In 2018, slightly more than 1,000 construction workers were killed nationwide. Of that number, 338 — or 33.5% — were caused by falls, with struck by object (11.1%) the next most common occurrence, according to the Occupational Safety and Health Administration (OSHA). OSHA cites falls from portable ladders — whether a step ladder, straight ladder, extension ladder or combination ladder — as one of the top causes of on-the-job injuries and fatalities.
Whether a construction worker is new to the profession or a seasoned veteran, it’s worth taking a few minutes to review OSHA’s guidance regarding ladder safety.
- Follow all instructions marked on the ladder.
- Check the ladder for damage before using it. Take it out of service if it’s damaged.
- Don’t use a metal ladder in the vicinity of electrical equipment or power lines.
- Make sure the ladder is fully opened and locked before using it.
- Always keep “three-point” control of the ladder. That means using two feet and one hand, or two hands and one foot.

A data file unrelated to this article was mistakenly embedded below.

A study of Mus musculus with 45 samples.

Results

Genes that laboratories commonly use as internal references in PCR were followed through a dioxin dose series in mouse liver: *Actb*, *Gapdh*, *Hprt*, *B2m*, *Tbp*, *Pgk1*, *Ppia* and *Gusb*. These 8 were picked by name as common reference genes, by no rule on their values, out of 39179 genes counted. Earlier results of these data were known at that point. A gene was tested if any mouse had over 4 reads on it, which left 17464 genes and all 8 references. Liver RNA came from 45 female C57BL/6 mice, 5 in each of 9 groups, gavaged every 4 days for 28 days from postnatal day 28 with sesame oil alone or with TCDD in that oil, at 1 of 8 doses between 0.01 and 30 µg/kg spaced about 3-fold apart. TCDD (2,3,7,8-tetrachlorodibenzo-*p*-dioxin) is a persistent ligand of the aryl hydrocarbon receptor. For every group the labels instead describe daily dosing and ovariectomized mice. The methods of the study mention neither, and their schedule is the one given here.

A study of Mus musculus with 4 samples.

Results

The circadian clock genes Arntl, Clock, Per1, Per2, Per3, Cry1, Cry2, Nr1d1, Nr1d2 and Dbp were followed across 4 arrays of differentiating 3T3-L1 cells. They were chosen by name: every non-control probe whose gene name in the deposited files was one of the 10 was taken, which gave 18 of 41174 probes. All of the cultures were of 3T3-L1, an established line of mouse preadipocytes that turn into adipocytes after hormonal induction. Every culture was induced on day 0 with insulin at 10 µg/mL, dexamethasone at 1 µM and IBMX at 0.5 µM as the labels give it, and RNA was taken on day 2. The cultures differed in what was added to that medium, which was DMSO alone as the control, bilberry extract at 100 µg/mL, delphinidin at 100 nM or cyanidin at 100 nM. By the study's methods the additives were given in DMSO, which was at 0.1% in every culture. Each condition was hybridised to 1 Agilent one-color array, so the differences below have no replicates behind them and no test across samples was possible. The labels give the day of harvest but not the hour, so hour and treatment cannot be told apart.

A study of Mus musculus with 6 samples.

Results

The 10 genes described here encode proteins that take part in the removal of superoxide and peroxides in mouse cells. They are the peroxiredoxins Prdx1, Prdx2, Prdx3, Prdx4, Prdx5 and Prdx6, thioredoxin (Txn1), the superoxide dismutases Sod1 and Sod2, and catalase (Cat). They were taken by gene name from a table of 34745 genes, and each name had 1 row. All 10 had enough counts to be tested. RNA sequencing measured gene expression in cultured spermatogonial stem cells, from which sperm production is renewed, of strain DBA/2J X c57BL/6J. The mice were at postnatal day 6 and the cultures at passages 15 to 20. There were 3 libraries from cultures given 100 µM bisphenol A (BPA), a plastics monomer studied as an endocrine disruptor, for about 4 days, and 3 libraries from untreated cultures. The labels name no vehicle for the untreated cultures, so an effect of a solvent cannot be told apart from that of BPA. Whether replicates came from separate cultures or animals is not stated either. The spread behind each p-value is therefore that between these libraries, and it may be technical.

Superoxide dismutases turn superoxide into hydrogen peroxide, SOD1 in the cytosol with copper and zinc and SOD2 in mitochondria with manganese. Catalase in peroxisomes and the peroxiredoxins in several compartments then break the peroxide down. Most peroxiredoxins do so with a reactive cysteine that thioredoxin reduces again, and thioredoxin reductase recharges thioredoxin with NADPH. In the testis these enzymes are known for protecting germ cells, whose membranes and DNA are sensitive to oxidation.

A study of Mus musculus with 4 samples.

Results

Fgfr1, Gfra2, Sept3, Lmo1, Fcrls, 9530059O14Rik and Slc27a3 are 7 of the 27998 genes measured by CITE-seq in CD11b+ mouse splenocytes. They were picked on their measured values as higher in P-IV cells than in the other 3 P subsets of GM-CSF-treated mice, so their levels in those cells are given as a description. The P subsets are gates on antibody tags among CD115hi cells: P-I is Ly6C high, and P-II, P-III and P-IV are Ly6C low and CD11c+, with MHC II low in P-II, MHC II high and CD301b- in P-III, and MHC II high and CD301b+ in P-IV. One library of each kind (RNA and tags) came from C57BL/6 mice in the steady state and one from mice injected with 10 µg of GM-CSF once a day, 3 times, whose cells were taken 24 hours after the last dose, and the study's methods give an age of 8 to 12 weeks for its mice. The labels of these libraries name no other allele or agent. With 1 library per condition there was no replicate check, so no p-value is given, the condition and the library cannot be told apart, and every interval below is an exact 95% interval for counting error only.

- Climb the steps in the middle.
- Face the ladder when climbing up it. When you reach the top, don’t use the top step or rung unless the ladder is designed for its use. Also, don’t stand on the top three rungs of an extension, single or straight ladder.
- Keep anything slippery off the ladder.
- Use a ladder that can support your weight and the weight of your tools. A maximum load should be listed on it.
- Use the ladder only on surfaces that are solid and level. Never, for example, put it on a box to give it more height.
- Don’t move the ladder while someone is on it.
- Secure the ladder or put a barricade around it if it is being used somewhere where other work activities could cause it to be knocked over.
Workplace safety is paramount. Unfortunately, even if you follow all the suggestions, ladder falls still can occur, and they can have tragic consequences. An injured worker, or the family of a worker who is killed, deserves compensation.